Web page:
Do Images Move You Too Much?

When you look at this picture, what do you see?

Depending on your perception, your mood, your frame of mind and a thousand other factors, you might see a duck or a rabbit. It’s all up to you and how you perceive the world.

Art is like that.

Writing is extremely subjective, and what might seem like creative apocalypse to me could be absolute trash to someone else. Faced with anything that evokes emotion, compels feelings or that represents something deep inside us, we each make personal decisions.

Photography is like that, too. Professional photographers and people steeped in the hobby of capturing emotion on film work many hours and take many shots with all sorts of variables to grab the very concept they want in one photo.

But people have lived through events that shape what they see. The writer or the photographer puts everything into capturing his or her version of perfect, and someone else captures a completely different mental image.

Maybe we’re all working towards perfection for nothing, hm?

I digress. The point is that I could write the words “warm and inviting,” and it will take on many different meanings for a wide range of readers.

Warm and inviting could be a fire crackling in a fireplace. It could be a small, cozy chair with a blanket and a book nearby.

It could bring on a flash of Aunt Jesse, whose smile makes you feel perfectly great inside. She always welcomes you in and feeds you cookies, too.

Or maybe warm and inviting is a bed in a room. A bed for two, perhaps. Maybe it’s the warm and inviting look that beautiful stranger gave you as you passed by. It could be the embrace you share.

Warm and inviting could represent colors. Reds, oranges… the color of sunsets, perhaps.

What you perceive from these words, what emotions you feel or what mental image comes to mind, has everything to do with your history, experiences, upbringing, views, values and so much more.

It has nothing to do with the creator’s intentions.

Every now and then, Harry and I feature photography that we feel evokes a strong emotion. We select images that we feel stir the senses. We want to make an impact in a thoughtful way using strong photography. What’s wrong with that?

It’s a little bit silly, really, because none of the pictures involve gratuitous sex or violence. One of us finds a portrait of a fully clothed woman that perfectly captures the concept of the related post – and then we have to ask, “Is this too much?” We find a photo of two people in love, and we have to wonder if the image is too sensitive – but what’s wrong with love?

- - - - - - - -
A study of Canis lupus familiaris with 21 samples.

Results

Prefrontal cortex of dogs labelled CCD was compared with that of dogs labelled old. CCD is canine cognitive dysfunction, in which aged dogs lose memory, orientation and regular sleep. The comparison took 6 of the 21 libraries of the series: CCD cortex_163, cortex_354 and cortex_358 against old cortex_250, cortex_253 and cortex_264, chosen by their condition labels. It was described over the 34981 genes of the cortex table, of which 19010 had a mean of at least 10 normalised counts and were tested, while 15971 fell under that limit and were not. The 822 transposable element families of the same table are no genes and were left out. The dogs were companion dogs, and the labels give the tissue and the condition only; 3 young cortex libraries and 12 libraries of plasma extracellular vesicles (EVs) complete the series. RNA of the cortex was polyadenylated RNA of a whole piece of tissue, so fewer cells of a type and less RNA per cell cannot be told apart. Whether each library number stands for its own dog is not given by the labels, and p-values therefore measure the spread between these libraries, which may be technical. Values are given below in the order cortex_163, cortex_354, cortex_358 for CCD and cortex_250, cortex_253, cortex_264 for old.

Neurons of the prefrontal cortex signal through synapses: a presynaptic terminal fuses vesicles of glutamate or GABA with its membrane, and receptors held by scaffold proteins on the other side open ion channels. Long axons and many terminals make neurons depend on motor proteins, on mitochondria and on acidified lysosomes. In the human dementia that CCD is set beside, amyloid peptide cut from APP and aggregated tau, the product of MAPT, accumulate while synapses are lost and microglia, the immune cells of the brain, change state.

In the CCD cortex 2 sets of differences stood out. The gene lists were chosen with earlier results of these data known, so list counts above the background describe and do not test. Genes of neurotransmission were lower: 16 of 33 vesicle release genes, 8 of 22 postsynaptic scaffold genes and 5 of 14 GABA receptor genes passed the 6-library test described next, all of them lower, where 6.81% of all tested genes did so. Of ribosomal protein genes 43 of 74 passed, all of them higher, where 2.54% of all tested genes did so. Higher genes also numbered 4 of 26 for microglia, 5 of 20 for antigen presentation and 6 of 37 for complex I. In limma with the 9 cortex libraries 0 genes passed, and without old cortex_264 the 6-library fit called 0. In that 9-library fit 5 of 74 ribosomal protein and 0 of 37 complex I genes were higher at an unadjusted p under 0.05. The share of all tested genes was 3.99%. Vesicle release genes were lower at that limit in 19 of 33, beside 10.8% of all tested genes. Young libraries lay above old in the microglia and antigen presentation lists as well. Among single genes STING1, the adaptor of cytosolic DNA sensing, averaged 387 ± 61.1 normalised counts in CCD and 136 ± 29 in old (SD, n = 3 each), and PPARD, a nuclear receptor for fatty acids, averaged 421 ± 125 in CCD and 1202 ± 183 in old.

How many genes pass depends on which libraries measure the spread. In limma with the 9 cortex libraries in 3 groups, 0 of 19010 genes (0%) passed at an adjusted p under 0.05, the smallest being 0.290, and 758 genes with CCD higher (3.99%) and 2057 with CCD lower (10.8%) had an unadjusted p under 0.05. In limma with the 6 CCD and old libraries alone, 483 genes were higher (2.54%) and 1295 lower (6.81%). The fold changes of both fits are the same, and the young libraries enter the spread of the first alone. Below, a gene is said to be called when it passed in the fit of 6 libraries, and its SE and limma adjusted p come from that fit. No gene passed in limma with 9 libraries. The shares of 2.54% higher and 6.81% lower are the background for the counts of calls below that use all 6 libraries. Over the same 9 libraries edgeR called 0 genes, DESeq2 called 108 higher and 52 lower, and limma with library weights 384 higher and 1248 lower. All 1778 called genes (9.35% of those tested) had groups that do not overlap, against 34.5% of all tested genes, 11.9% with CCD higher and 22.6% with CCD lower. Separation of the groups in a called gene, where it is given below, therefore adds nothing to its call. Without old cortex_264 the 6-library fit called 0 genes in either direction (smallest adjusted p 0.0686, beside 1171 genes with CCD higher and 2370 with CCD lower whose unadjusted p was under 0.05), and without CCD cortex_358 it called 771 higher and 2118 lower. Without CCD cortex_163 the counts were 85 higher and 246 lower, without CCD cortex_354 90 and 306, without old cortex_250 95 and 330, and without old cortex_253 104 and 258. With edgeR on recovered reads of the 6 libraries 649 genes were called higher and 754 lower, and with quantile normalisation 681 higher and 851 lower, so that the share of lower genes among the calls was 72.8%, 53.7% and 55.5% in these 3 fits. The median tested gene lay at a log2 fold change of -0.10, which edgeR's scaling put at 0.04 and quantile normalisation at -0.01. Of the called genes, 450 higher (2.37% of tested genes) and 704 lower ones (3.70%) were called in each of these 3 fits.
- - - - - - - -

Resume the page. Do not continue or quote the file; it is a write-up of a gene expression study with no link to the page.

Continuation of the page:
A photo of a beautiful woman or a handsome man becomes something controversial and distasteful – the human body is a shameful thing. Or is it? I don’t think so. Do you?

Being who we are, we have open, tolerant minds and we accept many things that many other people don’t. Harry and I both accept religious preference, racial diversity, gender equality, homosexuality, lifestyle choices, nudity…

We pride ourselves on understanding that the world is a melting pot of acceptability and that no one’s opinion is the only opinion we should all have. We don’t shove our views down anyone’s throat or tell others that what we believe is what they should believe like so many people seem to do, either.

Some images we feature result in criticism. We’re told we post photos that demonstrate we encourage violence against women, gender domination and gratuitous sex.

Well, we don’t see that.

We don’t select any photo that we feel degrades people – male or female – in any way. We have open minds and understand that life is not always rosy and pure, so perhaps our perception of what is acceptable is not another person’s perception.

Some people are very quick to judge our character based on the images we select and post as well. The photo of a wide-eyed woman with a hand over her mouth found us sporting labels of women haters.

And yet, the woman’s eyes hold no fear. They are simply wide. Her facial expression is completely flat. The man’s hand exerts no pressure – it is completely gentle. He wears a wedding ring.

The photo could represent many stories – is he silencing her because their lives are in danger? Is it an intimate moment between partners in life? Some people saw domination. Others saw an opportunity to fight back.

What you see depends on who you are. And what you see is no reflection on who you are.

For each critical comment or email we receive, we receive ten more saluting us for our choice of evocative images that make people think or that touch them in some way. We’re commended for our confidence levels to display images considered slightly racy and at the same time very tasteful.

Certainly, some images may make some people uncomfortable, yes. Perhaps instead of criticizing our selection or judging us for our choices, the people who feel uncomfortable with the photos they view should ask themselves why they feel that way.

Post by James Chartrand

James Chartrand is an expert copywriter and the owner of Men with Pens and Damn Fine Words, the game-changing writing course for business owners. She loves the color blue, her kids, Nike sneakers and ice skating.